The phrase "shameless self-promotion" makes no sense when you're talking about your career.
"Shameless self-promotion" implies that there should be some sort of shame in letting others know about what you've done, and nothing could be further from the truth. Indeed, it's the only way you can be sure of getting the message out.
Have you ever had a garage sale? Did you put up a sign pointing to your garage sale? Or did you hope your neighbor would put up a sign for you, thinking "It's a good garage sale, people will tell their friends about it?" Of course not, because you knew that it was important that people know about your garage sale. So too it is with your achievements at work.
Techies seem to believe that if they do good work, they'll be rewarded. Unfortunately, "If you build it, they will come," only works in fantasy movies.
At work, your job and your career rely on the people above you in the company knowing what you do. Part of your job as employee of You, Inc. is to make sure that others know what you do, and how awesome you are. Your awesomeness may not be self-evident, or may not be understood by the people that matter. Say you've been using a new editor plug-in that helps you navigate source better, and makes your job easier. That's a cool thing you've done, because there are plenty of people out there who would write code in Notepad. You need to let your boss know about it, and keep track of it for yearly review time. It may well be worth putting on your resume, too, for your future self-promotion when you go to get a new job.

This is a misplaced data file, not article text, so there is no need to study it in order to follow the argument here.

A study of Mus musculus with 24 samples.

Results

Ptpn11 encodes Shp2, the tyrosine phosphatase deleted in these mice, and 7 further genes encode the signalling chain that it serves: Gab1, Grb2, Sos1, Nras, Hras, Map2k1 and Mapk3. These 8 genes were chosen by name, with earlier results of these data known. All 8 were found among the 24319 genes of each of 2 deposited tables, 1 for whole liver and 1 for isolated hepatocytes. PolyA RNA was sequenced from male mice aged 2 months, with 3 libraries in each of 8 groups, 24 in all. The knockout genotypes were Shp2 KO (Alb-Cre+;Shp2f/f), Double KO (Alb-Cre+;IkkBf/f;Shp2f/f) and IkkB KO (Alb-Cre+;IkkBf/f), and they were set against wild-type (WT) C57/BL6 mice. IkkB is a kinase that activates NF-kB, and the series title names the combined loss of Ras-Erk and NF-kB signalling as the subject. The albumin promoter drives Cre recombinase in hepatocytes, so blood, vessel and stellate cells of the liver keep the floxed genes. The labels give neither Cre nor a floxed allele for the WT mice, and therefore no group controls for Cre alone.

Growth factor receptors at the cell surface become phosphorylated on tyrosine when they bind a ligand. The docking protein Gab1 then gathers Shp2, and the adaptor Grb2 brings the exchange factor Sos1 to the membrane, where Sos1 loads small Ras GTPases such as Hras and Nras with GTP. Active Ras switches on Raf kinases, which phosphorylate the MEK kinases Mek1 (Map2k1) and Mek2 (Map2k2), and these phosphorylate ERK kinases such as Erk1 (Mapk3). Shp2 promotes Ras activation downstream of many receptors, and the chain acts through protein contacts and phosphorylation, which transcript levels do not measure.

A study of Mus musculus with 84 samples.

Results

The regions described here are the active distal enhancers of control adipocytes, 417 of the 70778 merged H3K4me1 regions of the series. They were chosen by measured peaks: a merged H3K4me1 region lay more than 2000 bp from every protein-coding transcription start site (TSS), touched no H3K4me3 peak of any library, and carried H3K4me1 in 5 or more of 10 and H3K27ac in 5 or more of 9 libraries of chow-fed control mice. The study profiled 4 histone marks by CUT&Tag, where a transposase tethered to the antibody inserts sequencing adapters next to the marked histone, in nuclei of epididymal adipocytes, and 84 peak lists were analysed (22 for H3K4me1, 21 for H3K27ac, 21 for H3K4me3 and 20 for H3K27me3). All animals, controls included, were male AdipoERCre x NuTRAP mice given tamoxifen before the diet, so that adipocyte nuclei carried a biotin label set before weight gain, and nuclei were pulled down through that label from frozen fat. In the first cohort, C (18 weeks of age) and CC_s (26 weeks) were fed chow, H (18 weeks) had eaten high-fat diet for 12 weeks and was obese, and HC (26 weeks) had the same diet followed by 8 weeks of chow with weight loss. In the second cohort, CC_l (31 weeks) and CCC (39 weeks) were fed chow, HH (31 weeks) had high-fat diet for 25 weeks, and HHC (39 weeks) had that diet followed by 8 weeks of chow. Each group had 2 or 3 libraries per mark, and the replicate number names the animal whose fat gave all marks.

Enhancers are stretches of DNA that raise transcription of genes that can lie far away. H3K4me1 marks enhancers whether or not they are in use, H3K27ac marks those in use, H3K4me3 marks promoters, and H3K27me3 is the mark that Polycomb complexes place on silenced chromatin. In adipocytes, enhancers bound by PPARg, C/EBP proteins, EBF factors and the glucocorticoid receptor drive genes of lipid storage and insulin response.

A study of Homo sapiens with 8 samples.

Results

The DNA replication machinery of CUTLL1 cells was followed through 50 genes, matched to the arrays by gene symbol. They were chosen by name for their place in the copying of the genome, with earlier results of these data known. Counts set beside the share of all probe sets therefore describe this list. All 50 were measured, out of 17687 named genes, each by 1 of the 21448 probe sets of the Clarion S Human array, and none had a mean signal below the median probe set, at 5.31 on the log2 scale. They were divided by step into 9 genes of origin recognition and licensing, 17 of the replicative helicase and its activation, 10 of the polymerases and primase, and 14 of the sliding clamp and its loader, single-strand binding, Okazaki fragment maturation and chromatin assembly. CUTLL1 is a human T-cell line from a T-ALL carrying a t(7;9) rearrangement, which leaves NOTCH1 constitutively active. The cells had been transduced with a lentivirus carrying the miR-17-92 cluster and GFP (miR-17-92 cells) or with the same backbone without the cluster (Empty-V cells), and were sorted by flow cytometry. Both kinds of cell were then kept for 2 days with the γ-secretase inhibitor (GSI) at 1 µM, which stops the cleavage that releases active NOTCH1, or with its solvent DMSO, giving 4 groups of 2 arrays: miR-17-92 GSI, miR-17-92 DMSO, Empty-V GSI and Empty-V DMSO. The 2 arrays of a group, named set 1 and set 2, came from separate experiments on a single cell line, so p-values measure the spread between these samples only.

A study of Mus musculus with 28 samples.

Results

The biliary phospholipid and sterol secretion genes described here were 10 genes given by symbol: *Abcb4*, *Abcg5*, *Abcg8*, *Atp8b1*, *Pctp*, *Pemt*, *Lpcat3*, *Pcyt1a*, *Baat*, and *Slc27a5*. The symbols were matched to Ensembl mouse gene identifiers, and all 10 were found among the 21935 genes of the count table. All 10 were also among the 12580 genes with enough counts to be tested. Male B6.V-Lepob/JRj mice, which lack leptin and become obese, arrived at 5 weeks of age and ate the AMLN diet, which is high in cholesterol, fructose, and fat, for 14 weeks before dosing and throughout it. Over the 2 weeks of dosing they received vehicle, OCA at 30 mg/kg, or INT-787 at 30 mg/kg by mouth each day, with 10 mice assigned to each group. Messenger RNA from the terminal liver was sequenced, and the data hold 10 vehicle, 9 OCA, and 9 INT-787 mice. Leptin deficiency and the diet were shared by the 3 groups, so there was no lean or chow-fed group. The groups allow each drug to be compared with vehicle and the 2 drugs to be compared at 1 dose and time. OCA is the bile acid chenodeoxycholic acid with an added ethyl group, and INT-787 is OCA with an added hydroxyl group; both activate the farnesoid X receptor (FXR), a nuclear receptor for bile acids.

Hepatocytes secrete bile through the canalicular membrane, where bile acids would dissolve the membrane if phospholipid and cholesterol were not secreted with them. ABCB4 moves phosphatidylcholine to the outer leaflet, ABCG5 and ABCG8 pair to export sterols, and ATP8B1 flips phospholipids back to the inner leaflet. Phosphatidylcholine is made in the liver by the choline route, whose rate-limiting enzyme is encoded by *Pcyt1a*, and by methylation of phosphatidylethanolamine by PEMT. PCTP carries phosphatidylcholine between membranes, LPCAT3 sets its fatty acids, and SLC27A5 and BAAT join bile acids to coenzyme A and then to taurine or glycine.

Aside from your career, if you're doing anything in open source and you want people to use your project, promoting the project is as important as writing solid code. Without users, your project is pointless. If it's a conference or meeting, that needs promotion even more. See my post on Perlbuzz "How to announce an event, or, awesome is not always self-evident" for more on the open source and conference angle.
Finally, for more on keeping yourself employed and boosting your career even in the middle of a recession, please join me and Chad Fowler for our webcast "Radical Career Success in a Down Economy" on July 1st. You'll need to register in advance. Chad and I are putting together as much as we can into our hour-long time slot. Chad's excellent new book, The Passionate Programmer, is also where I stole the idea of "your awesomeness is not self-evident", for which I'm eternally grateful.